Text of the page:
19 Feb Things to Look For When Purchasing a Home
There are many things to watch for when buying a new home. Often, home buyers find themselves overwhelmed by the process of buying a home and overlook many of the telltale signs that a home might not be all they think it is. It will always be good practice to go over the negative aspects of any given home, in detail, before making an offer. Many of the following things should be found during a proper home inspection, however it is a good idea as the buyer to familiarize yourself with certain things and to discuss them with your Realtor and the inspector.
1. Damp Basements
A damp feeling in a basement can suggest water seepage, either from improperly graded soil, or a bad foundation. This can lead to many problems further down the road when considering renovations or remodeling. This can also lead to problems with mold and the deterioration of the standing foundations. Moisture can also weaken the foundations leading to expensive repairs in the future. This is also a health concern as the presence of mold has been linked to several respiratory conditions and ailments.
2. Cracks in the Foundation
Always inspect the interior and exterior of the foundation for cracks and stress marks. Visible cracks can mean several things; excessive settling of the house, the fact that the house may have been built on an improperly graded site, or in an area that is prone to earth movement. Cracks can also allow small insects access to the interior of the home. Ants and termites can cause no end of costly problems in a home. There are many different types of foundation imperfection and the causes of these are quite varied. If there is any evidence of an imperfection in the foundation, have the entire foundation checked by a professional.
The presence of unappealing odors can mean many things in a home, the most common of these is mold. Biological problems like mold can be difficult to repair as it usually means an extensive amount of work to correct them. Ripping out walls is the most common “fix” for mold as it can be trying to find the source. Visible mold can be killed with bleach, but usually the problem runs far deeper than the surface. A professional inspector should identify any mold problems upon the necessary inspection and relate these to the realtor or home buyer.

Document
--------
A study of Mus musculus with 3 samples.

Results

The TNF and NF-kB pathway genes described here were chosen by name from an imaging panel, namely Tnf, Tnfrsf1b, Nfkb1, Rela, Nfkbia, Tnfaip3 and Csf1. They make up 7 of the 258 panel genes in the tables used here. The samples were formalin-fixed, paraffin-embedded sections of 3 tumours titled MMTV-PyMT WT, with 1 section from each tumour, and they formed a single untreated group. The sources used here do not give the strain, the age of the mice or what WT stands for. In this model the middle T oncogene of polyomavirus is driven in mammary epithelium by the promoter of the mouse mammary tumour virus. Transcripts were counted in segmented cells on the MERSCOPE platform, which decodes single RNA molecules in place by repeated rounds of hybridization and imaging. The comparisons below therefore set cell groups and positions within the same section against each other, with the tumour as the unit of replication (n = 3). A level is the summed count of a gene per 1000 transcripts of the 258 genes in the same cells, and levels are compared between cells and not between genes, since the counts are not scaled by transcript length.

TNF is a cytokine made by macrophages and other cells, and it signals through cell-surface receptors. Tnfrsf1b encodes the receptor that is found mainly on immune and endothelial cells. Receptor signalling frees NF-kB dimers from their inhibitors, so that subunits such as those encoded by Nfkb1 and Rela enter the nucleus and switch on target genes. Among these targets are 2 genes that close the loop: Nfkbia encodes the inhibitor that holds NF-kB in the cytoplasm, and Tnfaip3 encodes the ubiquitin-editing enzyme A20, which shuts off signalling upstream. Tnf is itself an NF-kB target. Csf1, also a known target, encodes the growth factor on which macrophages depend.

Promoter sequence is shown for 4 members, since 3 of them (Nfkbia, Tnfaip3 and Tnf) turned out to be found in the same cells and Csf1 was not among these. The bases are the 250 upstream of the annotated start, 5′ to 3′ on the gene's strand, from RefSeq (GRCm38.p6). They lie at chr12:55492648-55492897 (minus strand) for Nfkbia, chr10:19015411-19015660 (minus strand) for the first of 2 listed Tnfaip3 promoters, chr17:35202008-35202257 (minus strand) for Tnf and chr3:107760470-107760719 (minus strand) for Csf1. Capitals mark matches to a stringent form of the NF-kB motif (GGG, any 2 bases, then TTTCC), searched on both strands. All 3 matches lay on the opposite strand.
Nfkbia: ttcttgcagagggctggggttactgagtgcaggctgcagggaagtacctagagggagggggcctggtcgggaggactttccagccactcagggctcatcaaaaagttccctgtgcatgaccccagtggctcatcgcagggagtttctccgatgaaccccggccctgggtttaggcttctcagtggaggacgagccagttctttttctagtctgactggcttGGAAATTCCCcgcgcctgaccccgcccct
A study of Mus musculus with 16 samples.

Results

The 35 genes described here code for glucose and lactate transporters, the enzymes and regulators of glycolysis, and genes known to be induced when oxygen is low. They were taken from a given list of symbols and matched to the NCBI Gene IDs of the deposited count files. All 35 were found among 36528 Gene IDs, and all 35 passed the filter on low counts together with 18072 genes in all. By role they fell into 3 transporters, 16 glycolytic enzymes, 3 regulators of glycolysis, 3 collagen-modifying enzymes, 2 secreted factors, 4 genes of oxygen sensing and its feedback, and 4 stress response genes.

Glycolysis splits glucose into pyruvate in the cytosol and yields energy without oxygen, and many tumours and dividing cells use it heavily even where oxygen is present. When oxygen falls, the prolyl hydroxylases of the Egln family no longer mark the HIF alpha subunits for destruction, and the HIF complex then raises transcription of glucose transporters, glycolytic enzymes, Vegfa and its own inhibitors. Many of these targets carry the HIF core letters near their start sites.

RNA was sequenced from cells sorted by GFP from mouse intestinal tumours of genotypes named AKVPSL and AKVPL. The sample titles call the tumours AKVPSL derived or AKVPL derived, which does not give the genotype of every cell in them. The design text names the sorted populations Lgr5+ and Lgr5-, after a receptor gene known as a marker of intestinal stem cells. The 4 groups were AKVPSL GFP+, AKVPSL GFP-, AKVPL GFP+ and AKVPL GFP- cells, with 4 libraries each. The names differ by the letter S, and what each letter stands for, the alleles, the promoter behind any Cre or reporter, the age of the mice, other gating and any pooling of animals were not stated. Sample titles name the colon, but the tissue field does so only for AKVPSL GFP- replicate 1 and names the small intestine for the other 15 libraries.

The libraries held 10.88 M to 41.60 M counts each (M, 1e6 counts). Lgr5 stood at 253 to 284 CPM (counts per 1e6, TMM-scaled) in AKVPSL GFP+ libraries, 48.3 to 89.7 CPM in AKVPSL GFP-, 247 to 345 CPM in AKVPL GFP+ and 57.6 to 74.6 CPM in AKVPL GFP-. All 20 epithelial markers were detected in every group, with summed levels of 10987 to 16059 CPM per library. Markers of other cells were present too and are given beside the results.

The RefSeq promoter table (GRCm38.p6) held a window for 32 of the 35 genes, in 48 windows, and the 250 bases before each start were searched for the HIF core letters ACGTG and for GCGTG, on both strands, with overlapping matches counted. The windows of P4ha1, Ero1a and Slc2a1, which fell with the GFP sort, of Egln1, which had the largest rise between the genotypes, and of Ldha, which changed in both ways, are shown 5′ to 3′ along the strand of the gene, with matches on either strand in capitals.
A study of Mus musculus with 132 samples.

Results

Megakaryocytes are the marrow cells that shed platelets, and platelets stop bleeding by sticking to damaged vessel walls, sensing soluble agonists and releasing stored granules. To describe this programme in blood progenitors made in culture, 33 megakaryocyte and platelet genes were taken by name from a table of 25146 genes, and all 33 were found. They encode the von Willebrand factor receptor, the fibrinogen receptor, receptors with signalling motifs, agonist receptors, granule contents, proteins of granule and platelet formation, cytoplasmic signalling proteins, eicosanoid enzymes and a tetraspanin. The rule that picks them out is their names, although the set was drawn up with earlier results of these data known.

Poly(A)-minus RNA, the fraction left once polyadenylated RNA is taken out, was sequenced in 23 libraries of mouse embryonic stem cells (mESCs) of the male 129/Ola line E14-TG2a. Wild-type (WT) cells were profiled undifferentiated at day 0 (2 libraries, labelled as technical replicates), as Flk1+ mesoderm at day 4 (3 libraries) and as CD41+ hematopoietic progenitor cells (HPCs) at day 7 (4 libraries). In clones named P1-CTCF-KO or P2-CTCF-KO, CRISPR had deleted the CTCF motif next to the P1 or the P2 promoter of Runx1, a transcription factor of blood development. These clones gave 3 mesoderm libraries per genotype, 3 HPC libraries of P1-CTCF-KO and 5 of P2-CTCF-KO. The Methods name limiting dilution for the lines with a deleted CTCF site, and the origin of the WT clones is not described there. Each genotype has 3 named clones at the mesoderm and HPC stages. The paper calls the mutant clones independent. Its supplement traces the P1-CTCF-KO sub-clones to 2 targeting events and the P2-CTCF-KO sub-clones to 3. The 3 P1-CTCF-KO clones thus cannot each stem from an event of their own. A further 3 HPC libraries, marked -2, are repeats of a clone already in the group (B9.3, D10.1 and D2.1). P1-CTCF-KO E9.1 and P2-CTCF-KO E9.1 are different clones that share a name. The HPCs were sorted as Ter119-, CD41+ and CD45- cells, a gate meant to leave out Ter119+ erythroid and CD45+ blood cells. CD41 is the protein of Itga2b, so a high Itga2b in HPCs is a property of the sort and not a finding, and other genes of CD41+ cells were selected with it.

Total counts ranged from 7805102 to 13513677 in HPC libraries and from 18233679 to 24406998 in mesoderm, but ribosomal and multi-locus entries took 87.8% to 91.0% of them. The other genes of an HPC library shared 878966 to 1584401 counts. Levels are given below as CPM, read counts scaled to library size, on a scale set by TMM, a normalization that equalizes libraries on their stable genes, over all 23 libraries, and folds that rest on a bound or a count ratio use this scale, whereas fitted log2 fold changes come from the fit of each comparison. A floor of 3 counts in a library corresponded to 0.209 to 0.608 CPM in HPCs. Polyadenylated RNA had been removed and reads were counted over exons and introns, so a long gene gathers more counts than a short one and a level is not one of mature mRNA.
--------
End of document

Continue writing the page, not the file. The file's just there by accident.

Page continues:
4. Poorly Ventilated or Damp Attic
This is another factor that can cause large amounts of mold and dry-rot to develop in a home. Check the interior of the roof if it is accessible. Is it wet? If so, there is a problem. This means there is insufficient ventilation and/or a leak in the roof itself. The interior of a roof should be bone-dry, year-round. This could also be a result of fans from the kitchen or bathroom that vent into the attic and the attic is not properly set up to accommodate the moisture that this generates.
The discoloration of portions of the walls or ceiling is a good indicator of leaks and seepage. This could indicate a problem with leaking roofs or plumbing pipes. This can be an extremely expensive problem to fix as it usually involves cutting into the walls and/or ceilings. Leaks such as this can also cause a fire hazard as they may interfere with the existing wiring. Be mindful of fresh paint as this is a common way to cover up spots that show water damage.
6. Electrical Work
One of the largest causes of electrical fires in homes is D.I.Y. Electrical work. Check the connections on fixtures and anything that appears to be added post-construction. Electrical work should never be done by an unqualified individual. For instance, check the main electrical panel, does it look unorganized and sloppy? This is one indication that the home’s electrical work may have been done by a non-certified individual. Haphazard wiring can lead to costly repairs and is a definite danger to the homes and residents.
7. The Property Itself
The Property itself can contain many oft-overlooked problems. In particular the landscaping of the property can affect the home itself and particularly the foundations. Is the property sloped away from the house? The high point of the property should always be the house itself. This assists in drainage and presents water problems. If the land slopes downward towards the home, chances are there will be issues with water and seepage.